The Affordable Care Act was always big. It was always complicated. It was always inelegant. But it was always meant to be universal, reaching all Americans regardless of their income or political tendencies or hometown. Yet over the past two years, the law has splintered and that goal has been dashed, at least for now. And the greatest risk posed to the A.C.A. by the court decision in Halbig v. Burwell, released this week, is that the law might splinter further.
“Might” is a really important word there. The Halbig decision raises many more questions than it answers, the biggest being whether the courts might end up taking away the insurance subsidies that make coverage affordable for millions of American families. If that happened, in some states, the Medicaid expansion and the subsidies in the law would be available; coverage would be nearly universal. In others, the Medicaid expansion would remain available, but the subsidies might lapse, making insurance unaffordable for many middle-class families. In yet other states, there is the potential that neither the Medicaid expansion nor the subsidies for private insurance would be available.
To step back and look at the nitty-gritty of the law that helps explain all of this: The Medicaid program covers about half of the newly insured under the A.C.A. The other half must buy private coverage, mostly on insurance “exchanges,” with the federal government subsidizing much of the cost for lower-income and middle-class households. Some states set up their own exchanges. But three dozen chose to use the federal government’s architecture. In Halbig, a D.C. court determined that subsidies are admissible only for families who purchased coverage via state-run exchanges — not the federal exchange.
The Halbig decision is not at all final or definitive. Families will continue to receive subsidies while Halbig and similar cases wind their way through the legal system. (A different courtupheld the subsides on the federal exchanges just this week. There’s some chance the Supreme Court will end up ruling on the issue.) Right now, many legal scholars consider it unlikely that the courts will end up rescinding the subsidies — thus enraging a lot of Americans, significantly disrupting insurance and health-care businesses and tearing apart the fabric of the law — but the potential is there.
That scenario would hugely amplify the state-by-state differences in how the law functions — differences that fall on a roughly red-to-blue axis, with a number of outliers. (The law is working great in bright-red Kentucky, for instance, and functioning a lot worse in deep-blue Maryland.) In part, those existing differences stem from states’ varying enthusiasm about the law and their competency in implementing it. In part, they stem from the surprise 2012 Supreme Court decision that allowed states to opt out of the Medicaid expansion.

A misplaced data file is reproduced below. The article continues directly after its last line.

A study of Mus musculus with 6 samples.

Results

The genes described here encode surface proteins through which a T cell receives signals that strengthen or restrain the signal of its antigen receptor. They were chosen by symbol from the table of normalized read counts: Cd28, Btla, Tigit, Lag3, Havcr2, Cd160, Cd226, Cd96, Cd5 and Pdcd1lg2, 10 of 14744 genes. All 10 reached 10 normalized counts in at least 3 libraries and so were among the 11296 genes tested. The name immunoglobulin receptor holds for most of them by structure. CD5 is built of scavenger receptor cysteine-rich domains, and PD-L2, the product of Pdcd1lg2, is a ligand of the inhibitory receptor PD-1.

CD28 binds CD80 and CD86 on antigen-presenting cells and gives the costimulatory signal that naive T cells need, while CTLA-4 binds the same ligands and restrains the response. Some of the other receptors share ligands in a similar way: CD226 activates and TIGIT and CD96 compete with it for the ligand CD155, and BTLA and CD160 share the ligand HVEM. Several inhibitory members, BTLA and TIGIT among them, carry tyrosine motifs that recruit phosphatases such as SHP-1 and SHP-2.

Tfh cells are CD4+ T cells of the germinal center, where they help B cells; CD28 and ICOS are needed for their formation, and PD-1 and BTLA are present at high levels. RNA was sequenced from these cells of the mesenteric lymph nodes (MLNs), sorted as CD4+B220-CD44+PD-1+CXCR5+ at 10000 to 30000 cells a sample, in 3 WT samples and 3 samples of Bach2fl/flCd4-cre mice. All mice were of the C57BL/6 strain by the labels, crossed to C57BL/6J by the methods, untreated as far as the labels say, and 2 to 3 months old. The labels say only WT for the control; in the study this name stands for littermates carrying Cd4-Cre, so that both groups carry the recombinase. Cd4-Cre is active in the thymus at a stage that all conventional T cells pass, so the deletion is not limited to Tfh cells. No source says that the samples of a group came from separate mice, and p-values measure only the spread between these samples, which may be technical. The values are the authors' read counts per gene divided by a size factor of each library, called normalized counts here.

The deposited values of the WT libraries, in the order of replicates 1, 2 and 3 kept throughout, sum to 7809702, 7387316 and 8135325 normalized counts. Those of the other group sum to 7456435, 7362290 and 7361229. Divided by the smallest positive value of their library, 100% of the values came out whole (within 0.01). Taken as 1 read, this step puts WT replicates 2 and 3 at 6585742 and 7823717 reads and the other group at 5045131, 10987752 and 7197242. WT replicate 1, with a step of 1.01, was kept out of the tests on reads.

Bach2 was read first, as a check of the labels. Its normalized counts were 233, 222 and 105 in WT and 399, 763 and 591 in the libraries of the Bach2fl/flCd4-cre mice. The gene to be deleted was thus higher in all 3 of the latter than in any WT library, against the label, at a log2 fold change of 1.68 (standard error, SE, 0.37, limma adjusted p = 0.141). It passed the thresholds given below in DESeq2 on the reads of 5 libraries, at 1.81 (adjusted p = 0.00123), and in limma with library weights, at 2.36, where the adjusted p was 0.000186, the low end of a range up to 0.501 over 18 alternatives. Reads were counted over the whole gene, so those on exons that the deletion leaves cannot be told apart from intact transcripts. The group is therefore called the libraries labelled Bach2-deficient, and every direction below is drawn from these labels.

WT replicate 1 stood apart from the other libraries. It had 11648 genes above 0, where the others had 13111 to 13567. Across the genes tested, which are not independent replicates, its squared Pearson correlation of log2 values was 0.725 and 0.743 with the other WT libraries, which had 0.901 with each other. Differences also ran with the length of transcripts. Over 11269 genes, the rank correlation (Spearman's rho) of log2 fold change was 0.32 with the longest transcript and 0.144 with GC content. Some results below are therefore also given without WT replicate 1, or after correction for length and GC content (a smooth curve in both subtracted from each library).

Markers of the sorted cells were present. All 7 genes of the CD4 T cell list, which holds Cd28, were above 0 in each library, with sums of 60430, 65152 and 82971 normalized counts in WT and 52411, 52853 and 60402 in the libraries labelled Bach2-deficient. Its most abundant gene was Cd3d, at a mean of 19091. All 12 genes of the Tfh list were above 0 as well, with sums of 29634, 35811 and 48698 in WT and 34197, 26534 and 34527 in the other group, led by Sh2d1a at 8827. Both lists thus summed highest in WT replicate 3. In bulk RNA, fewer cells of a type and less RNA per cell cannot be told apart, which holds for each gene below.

The differences in how the law is working in different states are already stark. Last year, I visited a homeless shelter in Chicago — a blue city in a blue state — to see the coverage expansion in action. Social workers were signing shelter residents up for Medicaid late into the evening, and had mounted a campaign to reach the city’s vulnerable uninsured wherever they might be, including under bridges and on park benches. Many of the shelter’s residents had never heard of the law, and were wary about signing on to a government program. But social workers explained the benefits, and helped residents pull together the information they needed to get enrolled.
Then, this year, I visited a homeless shelter in Arkansas, a red state that nevertheless accepted the Medicaid expansion in the Affordable Care Act. (Thus far, about half of states have declined to do the same, including states with a large number of uninsured people, like Texas, Mississippi, and South Carolina.) I ended up informing several of the residents that they probably qualified for the Medicaid expansion. (The observer effect!) Many had only a rough idea of what the law did, and no social worker had ever arrived, clipboard and laptop in hand, to sign them up.
If the courts end up confirming the Halbig decision, the subsidies portion of the law would fracture, much like the Medicaid portion of the law fractured due to that surprise 2012 Supreme Court decision. Coverage might become nearly universal in California. But millions of Texans — ranging from the very poor to the middle class — might continue to find insurance wholly unaffordable.
That’s a particularly dangerous situation in this hyperpolarized political climate. Blue states seeing the advantages of the law would lobby for it; red states seeing none of its upsides but still realizing its downside — the taxes that pay for the expansion are federal, after all — might further harden against it. In a great ironic twist, a law designed to redistribute money from wealthier blue states to poorer red states might end up redistributing money from poorer red states to wealthier blue ones.
That might give a Republican president and other Republican candidates yet more incentive to campaign on the law’s dismantling to shore up his or her base. Liberals have long hoped that the law’s universality would protect it; it is often politically impossible to take a federal program away from families — especially middle-class families — once they have it and like it. A smaller Affordable Care Act is a far more vulnerable Affordable Care Act, and that’s the great danger posed by Halbig.